Primate Products Inc. Facility Closes Down after Smash HLS Campaign

25 Jun

by David Fleshler / Sun Sentinel

Gary Serignese, Executive Director of South Florida Smash HLS, leads a demonstration outside Primate Products, Inc. in Doral, near Miami International Airport. (CRISTOBAL HERRERA / Sun Sentinel SoFlaShare / September 22, 2011)

Gary Serignese, Executive Director of South Florida Smash HLS, leads a demonstration outside Primate Products, Inc. in Doral, near Miami International Airport. (CRISTOBAL HERRERA / Sun Sentinel SoFlaShare / September 22, 2011)

A South Florida holding center for imported research monkeys [sic] that had been the target of animal rights protests has shut down, with the company moving its operations to a remote location north of the Everglades.

Primate Products Inc. has closed a fenced, cage-filled building near Miami International Airport that had been the focus of an animal rights campaign involving picketing, demonstrations against participating airlines and smuggled photos of bloody monkeys. The company has laid off 10 employees and moved its remaining operations to a complex near the Collier County town of Immokalee.

Dr. Thomas Rowell, a veterinarian who is the company’s president, said the closure represented a long-planned consolidation that had nothing to do with the demonstrations. He said Primate Products had obtained federal permission to quarantine monkeys at its other facility and planned to reduce its import and sales business in favor of service and support.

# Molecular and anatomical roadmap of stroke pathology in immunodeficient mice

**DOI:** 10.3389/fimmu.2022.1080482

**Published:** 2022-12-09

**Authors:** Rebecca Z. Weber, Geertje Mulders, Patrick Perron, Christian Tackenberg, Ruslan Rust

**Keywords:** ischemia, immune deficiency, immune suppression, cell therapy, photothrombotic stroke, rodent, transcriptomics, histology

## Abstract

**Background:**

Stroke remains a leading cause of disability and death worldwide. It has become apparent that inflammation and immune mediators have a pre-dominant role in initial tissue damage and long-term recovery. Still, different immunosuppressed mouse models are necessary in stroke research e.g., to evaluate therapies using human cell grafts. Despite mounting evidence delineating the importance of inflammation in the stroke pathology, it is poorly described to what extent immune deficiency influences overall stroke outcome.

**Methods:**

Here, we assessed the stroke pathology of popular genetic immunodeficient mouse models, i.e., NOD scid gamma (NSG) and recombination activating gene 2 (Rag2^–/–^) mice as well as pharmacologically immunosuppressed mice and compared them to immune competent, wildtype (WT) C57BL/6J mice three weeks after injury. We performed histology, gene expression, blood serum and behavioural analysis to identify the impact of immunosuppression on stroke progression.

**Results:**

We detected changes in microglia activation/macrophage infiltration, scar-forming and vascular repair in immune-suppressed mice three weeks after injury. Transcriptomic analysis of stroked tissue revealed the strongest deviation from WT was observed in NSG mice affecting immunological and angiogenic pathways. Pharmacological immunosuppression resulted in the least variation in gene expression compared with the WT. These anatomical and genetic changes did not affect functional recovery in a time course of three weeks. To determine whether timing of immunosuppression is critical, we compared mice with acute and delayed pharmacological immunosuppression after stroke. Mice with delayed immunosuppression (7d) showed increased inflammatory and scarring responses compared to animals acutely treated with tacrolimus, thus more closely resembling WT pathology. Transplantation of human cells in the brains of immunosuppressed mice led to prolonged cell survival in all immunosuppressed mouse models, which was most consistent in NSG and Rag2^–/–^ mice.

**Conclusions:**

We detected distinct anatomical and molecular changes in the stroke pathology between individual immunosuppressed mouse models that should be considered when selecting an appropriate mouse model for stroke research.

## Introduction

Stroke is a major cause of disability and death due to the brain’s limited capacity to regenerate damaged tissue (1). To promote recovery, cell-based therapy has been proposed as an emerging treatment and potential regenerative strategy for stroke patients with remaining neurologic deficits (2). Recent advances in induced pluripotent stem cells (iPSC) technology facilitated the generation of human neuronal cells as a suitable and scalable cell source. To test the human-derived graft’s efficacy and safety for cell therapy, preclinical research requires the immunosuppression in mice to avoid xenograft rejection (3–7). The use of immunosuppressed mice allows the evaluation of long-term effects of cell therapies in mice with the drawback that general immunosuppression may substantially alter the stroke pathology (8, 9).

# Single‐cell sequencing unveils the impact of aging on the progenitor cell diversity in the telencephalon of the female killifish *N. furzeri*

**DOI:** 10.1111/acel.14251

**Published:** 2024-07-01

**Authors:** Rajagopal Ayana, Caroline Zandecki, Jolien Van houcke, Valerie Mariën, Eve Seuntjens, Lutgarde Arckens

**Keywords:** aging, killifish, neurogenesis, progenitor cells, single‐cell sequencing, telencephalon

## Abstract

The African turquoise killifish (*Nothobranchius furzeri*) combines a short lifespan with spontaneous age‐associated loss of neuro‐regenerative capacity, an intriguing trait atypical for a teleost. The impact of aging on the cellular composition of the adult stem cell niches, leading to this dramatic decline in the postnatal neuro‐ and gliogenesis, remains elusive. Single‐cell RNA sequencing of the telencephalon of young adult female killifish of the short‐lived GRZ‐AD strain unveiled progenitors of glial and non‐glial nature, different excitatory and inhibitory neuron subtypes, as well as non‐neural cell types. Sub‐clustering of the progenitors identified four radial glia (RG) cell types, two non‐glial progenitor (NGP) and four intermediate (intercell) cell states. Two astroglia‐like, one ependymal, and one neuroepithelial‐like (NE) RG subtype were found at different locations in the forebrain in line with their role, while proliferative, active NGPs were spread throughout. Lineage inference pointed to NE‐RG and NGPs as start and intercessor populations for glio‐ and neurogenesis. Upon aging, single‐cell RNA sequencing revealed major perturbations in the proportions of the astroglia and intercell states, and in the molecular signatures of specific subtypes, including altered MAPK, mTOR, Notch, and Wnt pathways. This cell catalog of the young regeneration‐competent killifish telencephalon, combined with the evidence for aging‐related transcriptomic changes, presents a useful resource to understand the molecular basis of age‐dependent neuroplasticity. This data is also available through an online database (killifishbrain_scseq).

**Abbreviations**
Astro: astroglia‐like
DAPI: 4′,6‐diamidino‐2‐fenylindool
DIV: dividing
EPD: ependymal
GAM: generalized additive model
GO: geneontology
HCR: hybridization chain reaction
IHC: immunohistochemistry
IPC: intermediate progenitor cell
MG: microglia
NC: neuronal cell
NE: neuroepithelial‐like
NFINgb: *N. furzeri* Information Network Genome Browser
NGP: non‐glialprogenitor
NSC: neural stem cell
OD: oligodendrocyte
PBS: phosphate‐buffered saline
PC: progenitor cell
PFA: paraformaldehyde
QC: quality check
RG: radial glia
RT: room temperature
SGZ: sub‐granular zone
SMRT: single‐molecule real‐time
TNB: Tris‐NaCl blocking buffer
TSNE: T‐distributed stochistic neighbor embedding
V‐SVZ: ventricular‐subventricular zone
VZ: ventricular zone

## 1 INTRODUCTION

Gary Serignese, of Boca Raton, executive director of the animal rights group South Florida Smash HLS, said he doubted this explanation.

“We know that they would not have made this change without our aggressive protest campaign,” he said. “An import company would not abandon a facility close to the international airport unless it felt it had no choice.”

During the campaign, activists held demonstrations at the Pembroke Pines home of the company’s previous president. Using email, phone calls and picketing, they pressured local freight airlines into refusing to carry primates. They obtained photos of injured monkeys from inside the facility and provided them to the news media.

In arguing for the company to close, they said the monkeys were headed for lives of boredom, pain and fear, with dubious benefit to human health. Primate Products has said its work provides essential research subjects to scientists, who are the best judges of their biomedical value.

“We are here to assure you and others that PPI is committed to our mission to serve the biomedical research community and to provide products and services specifically designed to enhance the conservation, care, and use of nonhuman primates for advancing public health,” Rowell wrote in an email.